Startup, Made In Space, is working on a 3D printer that works in microgravity, so space crews can build products and tools on demand. This advancement will enable independence from Earth. The Made In Space 3D printer uses recycled 3D objects, and will eventually print using regolith, the powdery substance that covers the moon. Regolith can serve as a substitute for cement to print houses and roads. Innovations in the technology space are common, but this one is out of this world...literally.
3 lessons from Apple's U2 fiasco - PR Daily
Last week, Apple added U2's new album to 500 million active iCloud accounts as part of a new marketing collaboration. While the upload seemed harmless, Apple users weren't happy with the intrusive action. Essentially, the biggest issue is that users didn't have a choice. Rather, they were coerced into a download they didn't necessarily want. Marketers hoping to make a positive splash with an announcement should offer an incentive, provide information before the action and be transparent.
Alibaba stock began trading at $92.70 a share, making it the biggest IPO of all time. The company has a market cap of about $230 billion, which surpasses Amazon's market valuation and puts Alibaba on par with Facebook. Alibaba founder, Jack Ma started the company in a bedroom with 18 friends after discovering the internet in Seattle about 20 years ago.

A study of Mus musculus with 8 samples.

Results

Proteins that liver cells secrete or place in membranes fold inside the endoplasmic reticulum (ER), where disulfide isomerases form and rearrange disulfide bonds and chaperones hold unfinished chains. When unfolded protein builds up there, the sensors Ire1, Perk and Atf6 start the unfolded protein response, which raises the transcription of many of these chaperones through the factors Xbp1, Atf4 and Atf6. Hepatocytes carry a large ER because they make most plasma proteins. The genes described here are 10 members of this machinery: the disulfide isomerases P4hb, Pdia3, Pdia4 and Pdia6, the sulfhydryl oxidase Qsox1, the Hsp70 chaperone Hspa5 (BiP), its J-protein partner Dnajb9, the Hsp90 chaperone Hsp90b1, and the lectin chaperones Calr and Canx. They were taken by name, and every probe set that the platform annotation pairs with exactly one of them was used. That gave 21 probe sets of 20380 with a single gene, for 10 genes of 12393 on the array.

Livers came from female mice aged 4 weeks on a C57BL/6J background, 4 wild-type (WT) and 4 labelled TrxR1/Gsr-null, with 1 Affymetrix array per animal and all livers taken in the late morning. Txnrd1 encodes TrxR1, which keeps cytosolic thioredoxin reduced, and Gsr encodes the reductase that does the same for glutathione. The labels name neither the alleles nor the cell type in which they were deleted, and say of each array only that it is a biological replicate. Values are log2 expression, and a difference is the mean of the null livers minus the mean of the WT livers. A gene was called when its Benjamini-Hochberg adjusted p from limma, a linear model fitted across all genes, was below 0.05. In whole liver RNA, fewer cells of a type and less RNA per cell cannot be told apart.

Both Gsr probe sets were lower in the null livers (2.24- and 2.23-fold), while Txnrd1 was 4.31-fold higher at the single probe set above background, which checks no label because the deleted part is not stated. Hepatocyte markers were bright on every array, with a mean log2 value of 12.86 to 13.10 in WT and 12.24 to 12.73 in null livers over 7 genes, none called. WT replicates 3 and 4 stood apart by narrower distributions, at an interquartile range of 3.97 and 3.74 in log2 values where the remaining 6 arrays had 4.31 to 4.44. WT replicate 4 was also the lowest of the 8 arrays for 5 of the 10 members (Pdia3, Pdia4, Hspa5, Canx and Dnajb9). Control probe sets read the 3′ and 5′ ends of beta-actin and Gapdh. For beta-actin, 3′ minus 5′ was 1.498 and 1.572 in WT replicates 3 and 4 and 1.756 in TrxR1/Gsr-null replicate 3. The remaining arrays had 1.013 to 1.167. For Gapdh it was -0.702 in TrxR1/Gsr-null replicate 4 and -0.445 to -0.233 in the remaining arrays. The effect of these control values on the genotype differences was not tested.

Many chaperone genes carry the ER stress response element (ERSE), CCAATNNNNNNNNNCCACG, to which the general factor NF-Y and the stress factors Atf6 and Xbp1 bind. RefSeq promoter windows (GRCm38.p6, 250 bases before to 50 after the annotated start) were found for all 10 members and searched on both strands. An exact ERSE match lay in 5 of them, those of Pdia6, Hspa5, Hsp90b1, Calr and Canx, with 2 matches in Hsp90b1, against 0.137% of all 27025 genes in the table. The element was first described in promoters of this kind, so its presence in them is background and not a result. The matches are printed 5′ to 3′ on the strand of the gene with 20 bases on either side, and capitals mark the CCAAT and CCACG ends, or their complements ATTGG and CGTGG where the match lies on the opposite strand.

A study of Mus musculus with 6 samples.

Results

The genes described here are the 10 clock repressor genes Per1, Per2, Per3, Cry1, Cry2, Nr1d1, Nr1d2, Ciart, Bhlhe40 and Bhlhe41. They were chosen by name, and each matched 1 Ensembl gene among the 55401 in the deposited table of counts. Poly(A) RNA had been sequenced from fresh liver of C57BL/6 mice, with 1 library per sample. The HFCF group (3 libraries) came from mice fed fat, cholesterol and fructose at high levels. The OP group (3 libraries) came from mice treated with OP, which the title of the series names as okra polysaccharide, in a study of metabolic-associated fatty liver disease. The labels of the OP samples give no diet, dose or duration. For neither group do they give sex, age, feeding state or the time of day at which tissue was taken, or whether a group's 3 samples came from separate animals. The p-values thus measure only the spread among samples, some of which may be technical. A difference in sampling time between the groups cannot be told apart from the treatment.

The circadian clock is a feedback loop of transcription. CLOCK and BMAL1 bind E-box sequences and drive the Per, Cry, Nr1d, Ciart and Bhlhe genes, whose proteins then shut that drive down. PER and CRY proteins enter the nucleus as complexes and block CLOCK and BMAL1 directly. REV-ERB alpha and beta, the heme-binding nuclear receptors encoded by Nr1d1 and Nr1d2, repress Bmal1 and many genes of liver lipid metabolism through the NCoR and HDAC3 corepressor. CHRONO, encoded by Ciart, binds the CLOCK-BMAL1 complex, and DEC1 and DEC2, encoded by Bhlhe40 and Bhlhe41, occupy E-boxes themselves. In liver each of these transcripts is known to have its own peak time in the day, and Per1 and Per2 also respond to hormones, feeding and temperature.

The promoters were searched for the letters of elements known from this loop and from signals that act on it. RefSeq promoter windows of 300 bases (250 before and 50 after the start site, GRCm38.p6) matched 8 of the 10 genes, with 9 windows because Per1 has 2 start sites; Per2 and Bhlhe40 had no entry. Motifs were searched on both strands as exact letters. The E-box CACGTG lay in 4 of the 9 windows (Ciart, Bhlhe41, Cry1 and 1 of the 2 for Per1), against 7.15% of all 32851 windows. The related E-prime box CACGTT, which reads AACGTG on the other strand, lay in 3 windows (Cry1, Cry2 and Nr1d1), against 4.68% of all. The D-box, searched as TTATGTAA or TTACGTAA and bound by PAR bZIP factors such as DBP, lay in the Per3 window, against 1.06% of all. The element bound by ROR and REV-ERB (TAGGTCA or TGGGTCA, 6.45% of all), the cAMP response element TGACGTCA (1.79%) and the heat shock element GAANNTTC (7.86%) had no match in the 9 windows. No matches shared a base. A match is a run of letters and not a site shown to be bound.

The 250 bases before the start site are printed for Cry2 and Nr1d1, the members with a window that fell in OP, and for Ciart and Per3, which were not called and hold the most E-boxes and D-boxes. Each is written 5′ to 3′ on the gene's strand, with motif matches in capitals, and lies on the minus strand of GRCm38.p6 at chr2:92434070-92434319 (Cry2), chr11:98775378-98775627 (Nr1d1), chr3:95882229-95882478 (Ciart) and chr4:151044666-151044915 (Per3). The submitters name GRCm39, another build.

Apple began selling the iPhone 6 and 6 Plus today at 8 a.m. local times with much longer lines than any other iPhone release. In fact, some dedicated fans even started lining up on Monday. According to Tech Crunch, most people are excited for the larger screen, new design and camera. This impressive release is shaping up to be Apple's biggest, and hopefully the company can keep up with sales.
Google's DoubleClick ad network and Zedo ad agency were discovered to be serving up malicious ads for spreading malware, Zemot. Google is aware of the problem and is taking necessary steps to shut it down, but the attack still reached a broad audience of more than one million computers. The Zemot malware mostly affected computers with out-of-date antivirus software, yet seems to have been successful with the attack.